A Tampa orchid nursery seeking to break into the medical marijuana market is challenging the Department of Health‘s plan to give a preference in how it awards new licenses to grow the plant.
At issue is a provision in state law that gives preference in granting medical marijuana provider licenses to companies with underused or shuttered citrus factories. It’s part of legislation that implemented the 2016 constitutional amendment allowing medical marijuana in the state.
For up to two licenses, according to state law, “the department shall give preference to applicants that … own one or more facilities that are, or were, used for the canning, concentrating, or otherwise processing of citrus fruit or citrus molasses and will use or convert the facility or facilities for the processing of marijuana.”
Del Favero says in its filing it bought “facilities that were used in citrus processing specifically for the purpose of converting those facilities for use in processing medical marijuana.”
Now, the company suggests it could have a white elephant on its hands.
The state’s proposed rule, the challenge says, “would provide no additional points to most applicants that qualify for the citrus preference” and “provides no assurance that the preference will actually result in any licenses being issued to applicants” that qualify.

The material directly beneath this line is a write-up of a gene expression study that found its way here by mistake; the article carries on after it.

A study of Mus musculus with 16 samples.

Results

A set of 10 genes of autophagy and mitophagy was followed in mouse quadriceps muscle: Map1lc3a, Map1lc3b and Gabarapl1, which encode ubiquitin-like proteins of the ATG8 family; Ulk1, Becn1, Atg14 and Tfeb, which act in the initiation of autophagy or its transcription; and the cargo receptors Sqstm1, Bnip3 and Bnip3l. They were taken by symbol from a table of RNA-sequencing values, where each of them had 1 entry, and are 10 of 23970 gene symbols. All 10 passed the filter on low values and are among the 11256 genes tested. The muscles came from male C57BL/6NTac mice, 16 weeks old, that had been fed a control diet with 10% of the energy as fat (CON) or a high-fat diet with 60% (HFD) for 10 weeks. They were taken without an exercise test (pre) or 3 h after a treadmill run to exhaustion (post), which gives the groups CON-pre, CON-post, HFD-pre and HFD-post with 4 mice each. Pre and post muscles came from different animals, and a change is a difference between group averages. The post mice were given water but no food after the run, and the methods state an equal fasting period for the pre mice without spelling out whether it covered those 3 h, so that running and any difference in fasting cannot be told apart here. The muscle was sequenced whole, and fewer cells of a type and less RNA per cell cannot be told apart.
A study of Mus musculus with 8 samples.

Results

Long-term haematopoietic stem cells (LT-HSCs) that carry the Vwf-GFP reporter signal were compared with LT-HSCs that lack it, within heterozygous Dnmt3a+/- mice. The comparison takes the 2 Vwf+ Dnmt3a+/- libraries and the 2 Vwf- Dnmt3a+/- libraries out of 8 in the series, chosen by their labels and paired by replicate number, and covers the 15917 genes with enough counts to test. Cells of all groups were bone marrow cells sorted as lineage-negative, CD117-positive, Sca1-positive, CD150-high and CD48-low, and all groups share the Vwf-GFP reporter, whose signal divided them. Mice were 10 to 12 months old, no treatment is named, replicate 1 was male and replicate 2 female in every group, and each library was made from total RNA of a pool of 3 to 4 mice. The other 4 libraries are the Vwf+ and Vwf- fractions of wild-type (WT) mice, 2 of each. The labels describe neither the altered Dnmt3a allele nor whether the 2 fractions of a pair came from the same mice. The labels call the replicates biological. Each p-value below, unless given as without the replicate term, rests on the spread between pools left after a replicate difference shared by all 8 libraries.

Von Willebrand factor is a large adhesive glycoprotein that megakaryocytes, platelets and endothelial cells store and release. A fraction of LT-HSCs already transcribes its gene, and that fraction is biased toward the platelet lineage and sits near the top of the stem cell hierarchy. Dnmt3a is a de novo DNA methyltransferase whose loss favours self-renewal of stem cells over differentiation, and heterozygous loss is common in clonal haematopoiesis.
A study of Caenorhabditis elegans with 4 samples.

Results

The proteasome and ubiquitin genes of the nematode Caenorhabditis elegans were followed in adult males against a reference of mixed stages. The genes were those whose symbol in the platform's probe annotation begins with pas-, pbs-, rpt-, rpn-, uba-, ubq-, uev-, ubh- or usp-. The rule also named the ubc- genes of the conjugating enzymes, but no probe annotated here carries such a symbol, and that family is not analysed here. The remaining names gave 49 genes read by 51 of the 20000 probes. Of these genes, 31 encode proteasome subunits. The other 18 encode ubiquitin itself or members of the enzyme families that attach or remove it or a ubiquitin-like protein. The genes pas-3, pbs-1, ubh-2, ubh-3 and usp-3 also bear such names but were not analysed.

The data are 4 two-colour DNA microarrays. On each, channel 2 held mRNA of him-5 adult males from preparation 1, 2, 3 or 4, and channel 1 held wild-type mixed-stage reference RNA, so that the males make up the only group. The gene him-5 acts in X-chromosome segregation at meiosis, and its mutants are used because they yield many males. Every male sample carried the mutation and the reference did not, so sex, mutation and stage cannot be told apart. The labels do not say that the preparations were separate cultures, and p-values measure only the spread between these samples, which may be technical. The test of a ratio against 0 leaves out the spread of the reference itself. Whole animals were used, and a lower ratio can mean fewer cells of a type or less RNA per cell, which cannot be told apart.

Del Favero also argues that the department goes too far in using the word “property,” rather than “facility” as in law, saying it’s “granting the citrus preference to a broader group of applicants than the statute permits.”
But it’s not clear lawmakers intended on applicants simply buying an old packing plant to take advantage of the preference.
Sen. Rob Bradley—the Fleming Island Republican who sponsored the legislation during a 2017 Special Session—has said the preference was born to benefit longtime citrus producers who took a hit in recent years from the citrus greening malady.
“If you travel parts of the state, it breaks your heart to see these old orange juice factories, jobs lost,” he said then. “Transitioning some of those facilities to something new is good.”
He also told the News Service of Florida last year that “some of those old-line facilities and businesses are deteriorating much like the city of Detroit. This would allow them to have an opportunity to redesign or repurpose their facilities.”
Bradley declined immediate comment when reached Monday, saying he wanted to review the filing.
Added Devin Galetta, interim communications director for the Florida Department of Health: “The department received the petition this afternoon and is in the process of reviewing.”
Del Favero is no stranger to marijuana litigation.
In one instance, it filed to intervene in a lawsuit last year by Sarasota’s Tropiflora, which argued the citrus preference was an “unconstitutional special advantage” that puts the company at a “disadvantage” in competing for licenses to be what the state calls a “medical marijuana treatment center.”
That suit had been set for trial later this month, but Tropiflora withdrew it without explanation in May.